Even as the veggie blame game is now underway across the EU, where a super resistant strain of e.coli is sickening patients and filling hospitals in Germany, virtually no one is talking about how e.coli could have magically become resistant to eight different classes of antibiotic drugs and then suddenly appeared in the food supply.
This particular e.coli variation is a member of the O104 strain, and O104 strains are almost never (normally) resistant to antibiotics. In order for them to acquire this resistance, they must be repeatedly exposed to antibiotics in order to provide the "mutation pressure" that nudges them toward complete drug immunity.
So if you're curious about the origins of such a strain, you can essentially reverse engineer the genetic code of the e.coli and determine fairly accurately which antibiotics it was exposed to during its development. This step has now been done (see below), and when you look at the genetic decoding of this O104 strain now threatening food consumers across the EU, a fascinating picture emerges of how it must have come into existence.
The genetic code reveals the history
When scientists at Germany's Robert Koch Institute decoded the genetic makeup of the O104 strain, they found it to be resistant to all the following classes and combinations of antibiotics:
amoxicillin / clavulanic acid
In addition, this O104 strain posses an ability to produce special enzymes that give it what might be called "bacteria superpowers" known technically as ESBLs:
"Extended-Spectrum Beta-Lactamases (ESBLs) are enzymes that can be produced by bacteria making them resistant to cephalosporins e.g. cefuroxime, cefotaxime and ceftazidime - which are the most widely used antibiotics in many hospitals," explains the Health Protection Agency in the UK.
On top of that, this O104 strain possesses two genes -- TEM-1 and CTX-M-15 -- that "have been making doctors shudder since the 1990s," reports The Guardian. And why do they make doctors shudder? Because they're so deadly that many people infected with such bacteria experience critical organ failure and simply die.
Bioengineering a deadly superbug
So how, exactly, does a bacterial strain come into existence that's resistant to over a dozen antibiotics in eight different drug classes, and features two deadly gene mutations plus ESBL enzyme capabilities?
There's really only one way this happens (and only one way) -- you have to expose this strain of e.coli to all eight classes of antibiotics drugs. Usually this isn't done at the same time, of course: You first expose it to penicillin and find the surviving colonies which are resistant to penicillin. You then take those surviving colonies and expose them to tetracycline. The surviving colonies are now resistant to both penicillin and tetracycline. You then expose them to a sulfa drug and collect the surviving colonies from that, and so on. It is a process of genetic selection done in a laboratory with a desired outcome. This is essentially how some bioweapons are engineered by the U.S. Army in its laboratory facility in Ft. Detrick, Maryland.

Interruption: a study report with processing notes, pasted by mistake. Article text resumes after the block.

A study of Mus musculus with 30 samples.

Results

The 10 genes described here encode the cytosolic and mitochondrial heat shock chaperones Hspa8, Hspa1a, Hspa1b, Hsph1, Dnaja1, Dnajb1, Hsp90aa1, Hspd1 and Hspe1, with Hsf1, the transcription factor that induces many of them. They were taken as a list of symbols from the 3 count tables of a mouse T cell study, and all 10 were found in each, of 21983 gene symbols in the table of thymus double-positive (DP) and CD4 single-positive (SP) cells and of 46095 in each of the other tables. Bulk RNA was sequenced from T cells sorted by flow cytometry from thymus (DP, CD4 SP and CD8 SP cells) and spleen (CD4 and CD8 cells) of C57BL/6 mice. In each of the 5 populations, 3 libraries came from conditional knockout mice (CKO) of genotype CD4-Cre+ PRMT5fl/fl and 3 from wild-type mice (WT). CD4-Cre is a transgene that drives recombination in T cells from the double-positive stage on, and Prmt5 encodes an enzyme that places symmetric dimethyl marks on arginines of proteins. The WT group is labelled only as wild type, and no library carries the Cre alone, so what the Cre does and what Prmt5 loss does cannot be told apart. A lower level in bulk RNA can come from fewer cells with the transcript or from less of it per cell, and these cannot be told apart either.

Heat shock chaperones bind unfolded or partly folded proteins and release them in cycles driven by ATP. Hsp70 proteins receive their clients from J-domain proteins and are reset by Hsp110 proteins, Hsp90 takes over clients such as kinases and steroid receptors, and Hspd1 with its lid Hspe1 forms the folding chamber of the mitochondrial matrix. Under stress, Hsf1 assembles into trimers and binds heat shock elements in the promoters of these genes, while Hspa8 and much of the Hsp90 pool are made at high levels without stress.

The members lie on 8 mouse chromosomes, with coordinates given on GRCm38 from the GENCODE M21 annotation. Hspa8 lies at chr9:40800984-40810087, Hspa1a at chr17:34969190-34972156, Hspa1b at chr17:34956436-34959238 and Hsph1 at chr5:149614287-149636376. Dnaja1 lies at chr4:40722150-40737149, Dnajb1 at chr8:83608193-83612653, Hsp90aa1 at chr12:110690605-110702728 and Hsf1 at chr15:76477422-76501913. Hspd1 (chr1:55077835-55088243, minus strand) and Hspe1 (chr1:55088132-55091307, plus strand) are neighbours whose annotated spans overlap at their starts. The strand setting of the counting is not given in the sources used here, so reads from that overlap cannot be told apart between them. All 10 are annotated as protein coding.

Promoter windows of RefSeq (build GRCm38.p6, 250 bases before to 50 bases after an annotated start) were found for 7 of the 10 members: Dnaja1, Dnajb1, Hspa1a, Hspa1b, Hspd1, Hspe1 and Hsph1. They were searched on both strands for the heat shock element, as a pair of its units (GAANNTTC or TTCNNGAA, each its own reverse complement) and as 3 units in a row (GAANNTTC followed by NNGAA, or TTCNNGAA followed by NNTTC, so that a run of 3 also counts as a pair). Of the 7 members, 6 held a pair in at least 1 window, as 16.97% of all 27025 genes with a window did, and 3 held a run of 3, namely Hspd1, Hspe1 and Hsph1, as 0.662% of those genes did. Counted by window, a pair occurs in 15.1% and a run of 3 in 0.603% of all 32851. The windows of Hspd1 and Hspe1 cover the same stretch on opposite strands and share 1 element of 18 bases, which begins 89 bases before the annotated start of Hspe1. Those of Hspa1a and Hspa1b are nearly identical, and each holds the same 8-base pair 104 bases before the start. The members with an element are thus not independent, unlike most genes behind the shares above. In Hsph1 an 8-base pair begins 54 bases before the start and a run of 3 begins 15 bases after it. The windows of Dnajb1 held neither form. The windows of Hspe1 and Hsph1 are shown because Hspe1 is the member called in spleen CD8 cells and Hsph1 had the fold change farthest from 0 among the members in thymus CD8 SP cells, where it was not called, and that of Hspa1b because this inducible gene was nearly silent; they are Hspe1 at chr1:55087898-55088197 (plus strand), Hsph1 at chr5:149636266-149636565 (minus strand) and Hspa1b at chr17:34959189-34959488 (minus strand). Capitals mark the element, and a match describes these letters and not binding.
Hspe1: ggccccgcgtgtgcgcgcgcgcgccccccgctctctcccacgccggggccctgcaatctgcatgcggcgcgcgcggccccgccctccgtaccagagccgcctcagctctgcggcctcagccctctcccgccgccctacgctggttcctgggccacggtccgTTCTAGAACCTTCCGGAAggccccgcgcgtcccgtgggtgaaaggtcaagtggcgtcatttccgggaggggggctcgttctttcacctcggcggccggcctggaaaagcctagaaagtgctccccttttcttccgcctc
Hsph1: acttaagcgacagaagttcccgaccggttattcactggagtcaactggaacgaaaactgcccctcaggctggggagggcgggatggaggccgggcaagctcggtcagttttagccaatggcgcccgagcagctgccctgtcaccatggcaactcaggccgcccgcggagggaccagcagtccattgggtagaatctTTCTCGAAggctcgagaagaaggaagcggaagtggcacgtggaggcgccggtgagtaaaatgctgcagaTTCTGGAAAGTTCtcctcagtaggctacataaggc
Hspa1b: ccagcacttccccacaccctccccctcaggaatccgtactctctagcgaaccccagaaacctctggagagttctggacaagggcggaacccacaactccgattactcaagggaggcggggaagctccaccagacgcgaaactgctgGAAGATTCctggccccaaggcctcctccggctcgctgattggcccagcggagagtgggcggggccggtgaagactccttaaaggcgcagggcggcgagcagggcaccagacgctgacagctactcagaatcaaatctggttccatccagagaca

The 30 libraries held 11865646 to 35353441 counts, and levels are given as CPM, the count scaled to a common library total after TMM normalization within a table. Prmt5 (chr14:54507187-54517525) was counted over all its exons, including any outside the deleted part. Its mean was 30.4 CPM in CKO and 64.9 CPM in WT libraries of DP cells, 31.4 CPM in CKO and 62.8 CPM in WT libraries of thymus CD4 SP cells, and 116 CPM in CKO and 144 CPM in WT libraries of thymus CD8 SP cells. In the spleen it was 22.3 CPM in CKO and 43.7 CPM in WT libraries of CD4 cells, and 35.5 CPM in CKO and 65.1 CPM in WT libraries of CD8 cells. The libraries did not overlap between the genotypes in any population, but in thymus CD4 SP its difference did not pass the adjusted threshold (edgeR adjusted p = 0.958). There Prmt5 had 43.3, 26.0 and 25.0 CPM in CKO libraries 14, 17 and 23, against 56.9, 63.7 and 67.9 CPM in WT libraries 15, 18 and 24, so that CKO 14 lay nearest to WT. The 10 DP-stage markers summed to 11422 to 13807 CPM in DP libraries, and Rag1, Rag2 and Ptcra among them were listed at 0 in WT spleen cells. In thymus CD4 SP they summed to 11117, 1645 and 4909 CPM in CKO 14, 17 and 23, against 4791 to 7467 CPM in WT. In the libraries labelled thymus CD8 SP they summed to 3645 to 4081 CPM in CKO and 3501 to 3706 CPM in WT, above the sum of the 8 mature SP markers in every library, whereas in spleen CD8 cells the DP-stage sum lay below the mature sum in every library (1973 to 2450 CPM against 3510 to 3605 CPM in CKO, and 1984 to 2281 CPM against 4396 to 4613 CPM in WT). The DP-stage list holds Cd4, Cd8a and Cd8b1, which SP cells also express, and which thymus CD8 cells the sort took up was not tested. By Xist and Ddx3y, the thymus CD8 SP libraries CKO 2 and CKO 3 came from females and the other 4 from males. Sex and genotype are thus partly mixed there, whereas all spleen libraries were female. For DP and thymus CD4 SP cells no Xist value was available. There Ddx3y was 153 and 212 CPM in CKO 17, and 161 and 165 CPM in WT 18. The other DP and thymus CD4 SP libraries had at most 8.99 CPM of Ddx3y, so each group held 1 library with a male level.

Although the actual process is more complicated than this, the upshot is that creating a strain of e.coli that's resistant to eight classes of antibiotics requires repeated, sustained exposure to those antibiotics. It is virtually impossible to imagine how this could happen all by itself in the natural world. For example, if this bacteria originated in the food (as we've been told), then where did it acquire all this antibiotic resistance, given the fact that antibiotics are not used in vegetables?
When considering the genetic evidence that now confronts us, it is difficult to imagine how this could happen "in the wild." While resistance to a single antibiotic is common, the creation of a strain of e.coli that's resistant to eight different classes of antibiotics -- in combination -- simply defies the laws of genetic permutation and combination in the wild. Simply put, this superbug e.coli strain could not have been created in the wild. And that leaves only one explanation for where it really came from: the lab.
Engineered and then released into the wild
The evidence now points to this deadly strain of e.coli being engineered and then either being released into the food supply or somehow escaping from a lab and entering the food supply inadvertently. If you disagree with that conclusion -- and you're certainly welcome to -- then you are forced to conclude that this octobiotic superbug (immune to eight classes of antibiotics) developed randomly on its own... and that conclusion is far scarier than the "bio-engineered" explanation because it means octobiotic superbugs can simply appear anywhere at any time without cause. That would be quite an exotic theory indeed.
My conclusion actually makes more sense: This strain of e.coli was almost certainly engineered and then released into the food supply for a specific purpose. What would that purpose be? It's obvious, I hope.